For over fifty years, our education systems has been embedded in the political economy of a hegemonic state. Today access to quality education, outcomes of human, cultural, social and economic capital mirror the patterns of political patronage and the ethnic zero sum game of competition for and distribution of the so-called national cake.
Access to educational resources explains more than ninety percent of difference in economic and wellbeing outcomes among Kenya’s ethnic groups. Take a moment and think about the geographic distribution of the so-called national schools? My definition of national schools does not include the under-resourced former district and provincial schools that were recently assigned national school status.
The Kenyan state, through successive regimes since independence, has failed to allocate in an inclusive manner the critical educational resources that would enable equitable social mobility. Just like roads, water, electricity and health services, vested political interest by powerful Nairobi elites has always determined who enrolls, whether they complete and how much our children learn in school.
We must now re-think the role of the national government in education. The role of the distant state authority needs to be re-examined in the context of devolution. Moreover, we must be especially mindful of the track record of the national government with respect to equitable distribution and social inclusion in provision of vital social services over the last 51 years.
What we have seen in the past 50 years in the education sector is an inordinate burden of bureaucracy, politicisation and capture by special interest, inefficiency, and the hubris of one size-fit-all, which has led to unconscionable inequality in educational outcomes. Counties like Turkana, Marsabit, Tana River, Kwale and Mombasa have the scars to prove that this model does not work.
Devolution education is a plausible remedy. Fundamentally, education is about building relevant human capital, which is then deployed to drive cultural and economic capital for development. Counties are in the best position to articulate the fit between education and urgent local needs. By re-defining accountability we can prevent capture of the delivery of education by vested political interests. Moreover, decentralising education could make it difficult for schools to “game” the system when performance and accountability standards are not set at the national level and include critical parameters like social inclusion and local human capital formation.
Decentralising education does not take away the role of the national government. In fact, it makes the role of government much clearer. The national government would be responsible for defining the national curriculum framework. This would include core curriculum themes, which focus on values, ethics and civic responsibility. The national government would be responsible for defining exit competencies at all levels of the education system. This is consistent with the role of the national government in education, as stipulated in the fourth schedule of the constitution.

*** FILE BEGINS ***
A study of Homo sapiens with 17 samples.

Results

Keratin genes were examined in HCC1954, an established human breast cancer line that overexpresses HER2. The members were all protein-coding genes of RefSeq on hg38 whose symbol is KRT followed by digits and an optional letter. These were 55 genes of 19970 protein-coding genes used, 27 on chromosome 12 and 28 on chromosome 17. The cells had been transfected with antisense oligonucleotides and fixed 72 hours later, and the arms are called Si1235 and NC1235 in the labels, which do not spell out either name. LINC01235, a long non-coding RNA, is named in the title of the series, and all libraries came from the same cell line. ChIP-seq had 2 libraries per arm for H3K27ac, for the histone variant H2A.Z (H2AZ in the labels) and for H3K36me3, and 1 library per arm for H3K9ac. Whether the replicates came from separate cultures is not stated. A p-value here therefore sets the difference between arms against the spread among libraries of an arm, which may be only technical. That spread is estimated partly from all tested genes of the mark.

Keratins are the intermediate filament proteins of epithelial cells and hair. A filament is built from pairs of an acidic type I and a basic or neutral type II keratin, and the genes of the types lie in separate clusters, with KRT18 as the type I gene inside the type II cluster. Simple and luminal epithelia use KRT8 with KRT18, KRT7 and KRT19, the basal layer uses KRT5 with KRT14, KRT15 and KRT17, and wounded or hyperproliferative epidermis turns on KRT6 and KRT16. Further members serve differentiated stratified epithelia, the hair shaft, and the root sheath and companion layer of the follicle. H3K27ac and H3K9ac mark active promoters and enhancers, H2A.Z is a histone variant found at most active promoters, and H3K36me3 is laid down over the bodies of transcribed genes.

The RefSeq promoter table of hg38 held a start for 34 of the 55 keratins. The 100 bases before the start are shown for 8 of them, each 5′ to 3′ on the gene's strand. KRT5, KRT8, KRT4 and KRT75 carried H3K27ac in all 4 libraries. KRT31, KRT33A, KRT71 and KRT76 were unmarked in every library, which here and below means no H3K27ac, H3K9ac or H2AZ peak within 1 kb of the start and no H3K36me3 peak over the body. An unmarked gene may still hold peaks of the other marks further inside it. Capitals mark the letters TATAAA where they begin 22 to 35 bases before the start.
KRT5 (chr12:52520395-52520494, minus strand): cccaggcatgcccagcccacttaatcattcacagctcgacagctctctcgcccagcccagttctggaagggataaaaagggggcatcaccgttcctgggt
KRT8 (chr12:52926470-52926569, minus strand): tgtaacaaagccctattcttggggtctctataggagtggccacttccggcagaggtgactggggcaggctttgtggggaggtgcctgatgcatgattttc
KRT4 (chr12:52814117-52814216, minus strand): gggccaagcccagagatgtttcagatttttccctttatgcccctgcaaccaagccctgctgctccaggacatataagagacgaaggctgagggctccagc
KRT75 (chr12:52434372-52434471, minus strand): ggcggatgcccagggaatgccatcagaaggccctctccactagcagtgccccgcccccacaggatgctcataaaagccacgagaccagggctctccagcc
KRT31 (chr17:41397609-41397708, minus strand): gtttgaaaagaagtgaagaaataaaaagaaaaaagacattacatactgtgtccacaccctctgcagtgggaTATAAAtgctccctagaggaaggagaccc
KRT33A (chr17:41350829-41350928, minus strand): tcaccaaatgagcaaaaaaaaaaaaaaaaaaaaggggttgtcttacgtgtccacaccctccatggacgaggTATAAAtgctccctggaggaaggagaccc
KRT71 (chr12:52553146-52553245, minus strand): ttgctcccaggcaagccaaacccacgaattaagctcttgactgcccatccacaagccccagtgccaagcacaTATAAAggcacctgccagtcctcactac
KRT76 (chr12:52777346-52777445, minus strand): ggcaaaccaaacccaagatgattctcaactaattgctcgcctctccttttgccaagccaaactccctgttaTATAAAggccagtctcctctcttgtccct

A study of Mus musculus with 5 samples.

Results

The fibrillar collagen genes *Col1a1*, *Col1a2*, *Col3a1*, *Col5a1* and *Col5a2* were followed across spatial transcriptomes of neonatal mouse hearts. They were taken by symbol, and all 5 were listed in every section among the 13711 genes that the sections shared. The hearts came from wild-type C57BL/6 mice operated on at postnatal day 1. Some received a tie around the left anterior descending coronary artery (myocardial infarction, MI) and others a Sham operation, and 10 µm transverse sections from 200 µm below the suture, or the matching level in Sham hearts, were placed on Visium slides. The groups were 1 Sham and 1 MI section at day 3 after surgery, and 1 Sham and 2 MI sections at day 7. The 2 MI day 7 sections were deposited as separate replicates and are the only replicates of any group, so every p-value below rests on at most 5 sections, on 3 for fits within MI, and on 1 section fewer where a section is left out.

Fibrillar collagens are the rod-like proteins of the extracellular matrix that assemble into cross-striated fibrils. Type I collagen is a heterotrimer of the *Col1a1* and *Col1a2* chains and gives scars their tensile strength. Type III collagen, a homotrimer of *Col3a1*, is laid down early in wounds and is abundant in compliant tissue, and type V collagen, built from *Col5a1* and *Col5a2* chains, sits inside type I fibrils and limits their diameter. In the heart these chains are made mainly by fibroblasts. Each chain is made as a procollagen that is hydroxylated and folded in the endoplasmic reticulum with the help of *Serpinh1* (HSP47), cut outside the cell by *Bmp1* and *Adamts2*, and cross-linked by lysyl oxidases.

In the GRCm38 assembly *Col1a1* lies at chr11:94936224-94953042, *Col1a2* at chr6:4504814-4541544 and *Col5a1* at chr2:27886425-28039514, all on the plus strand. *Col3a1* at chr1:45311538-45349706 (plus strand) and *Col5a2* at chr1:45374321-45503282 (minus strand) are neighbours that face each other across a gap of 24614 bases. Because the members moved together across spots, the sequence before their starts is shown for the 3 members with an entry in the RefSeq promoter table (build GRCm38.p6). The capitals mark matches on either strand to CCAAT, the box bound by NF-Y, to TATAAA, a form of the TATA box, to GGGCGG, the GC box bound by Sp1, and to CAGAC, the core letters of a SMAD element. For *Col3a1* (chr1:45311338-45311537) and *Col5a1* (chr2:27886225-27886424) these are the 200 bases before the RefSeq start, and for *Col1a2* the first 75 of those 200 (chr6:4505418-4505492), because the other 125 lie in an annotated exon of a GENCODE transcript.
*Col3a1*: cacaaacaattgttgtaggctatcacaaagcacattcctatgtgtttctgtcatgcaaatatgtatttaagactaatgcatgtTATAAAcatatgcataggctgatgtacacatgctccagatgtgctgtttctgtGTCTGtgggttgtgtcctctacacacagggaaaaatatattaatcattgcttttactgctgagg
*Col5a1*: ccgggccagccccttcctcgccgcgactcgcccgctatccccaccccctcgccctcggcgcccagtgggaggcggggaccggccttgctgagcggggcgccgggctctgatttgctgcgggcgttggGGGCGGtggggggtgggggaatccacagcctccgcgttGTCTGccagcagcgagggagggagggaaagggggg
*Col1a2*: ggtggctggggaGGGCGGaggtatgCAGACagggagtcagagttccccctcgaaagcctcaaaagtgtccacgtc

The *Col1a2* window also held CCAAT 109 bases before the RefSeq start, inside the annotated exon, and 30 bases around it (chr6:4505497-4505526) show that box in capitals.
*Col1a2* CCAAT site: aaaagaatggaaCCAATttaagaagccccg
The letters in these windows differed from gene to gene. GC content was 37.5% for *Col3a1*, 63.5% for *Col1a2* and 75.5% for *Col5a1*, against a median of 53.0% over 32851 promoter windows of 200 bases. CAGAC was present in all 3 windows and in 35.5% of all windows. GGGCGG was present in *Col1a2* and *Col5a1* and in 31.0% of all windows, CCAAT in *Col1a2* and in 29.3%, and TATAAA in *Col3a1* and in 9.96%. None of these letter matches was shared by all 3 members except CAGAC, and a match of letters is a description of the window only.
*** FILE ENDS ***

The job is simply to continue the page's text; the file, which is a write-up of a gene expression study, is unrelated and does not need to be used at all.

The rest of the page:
Essentially, devolving education is about increasing the role of local stakeholders and moving away from the hierarchical input-oriented governance to an outcome-oriented approach where the central government steers from a distance. Devolving education is not undermining the power of the state. It is about strengthening local accountability in the provision of national public goods. It is about making social inclusion and local capital formation critical to accountability in educational outcomes.
In a decentralised education regime, the government would the responsible for determining standards for teacher education, including a national certification program for both primary and secondary school teachers. This would also include setting very high academic standards for getting into the teaching profession. Teaching can no longer be the profession of the not so bright amongst us.
In a decentralised education regime, the government would be obligated to set up an education equalisation fund to improve school infrastructure. This allocation would be based on long-term weighted average mean scores (from 1963) in all national standardised tests. Counties with the lowest scores would be assigned the highest budget. Local stakeholders, including parents and students would have to determine how the resources are allocated.
Perhaps our greatest achievement in 50 years is the 2010 constitution, which vests sovereign power in the people of Kenya. It is we the people, who delegate authority to the legislature, the executive at national and county levels, and to the judiciary. What level of government should carry the greatest responsibility for preparing our youth for the future? Time for debate is now.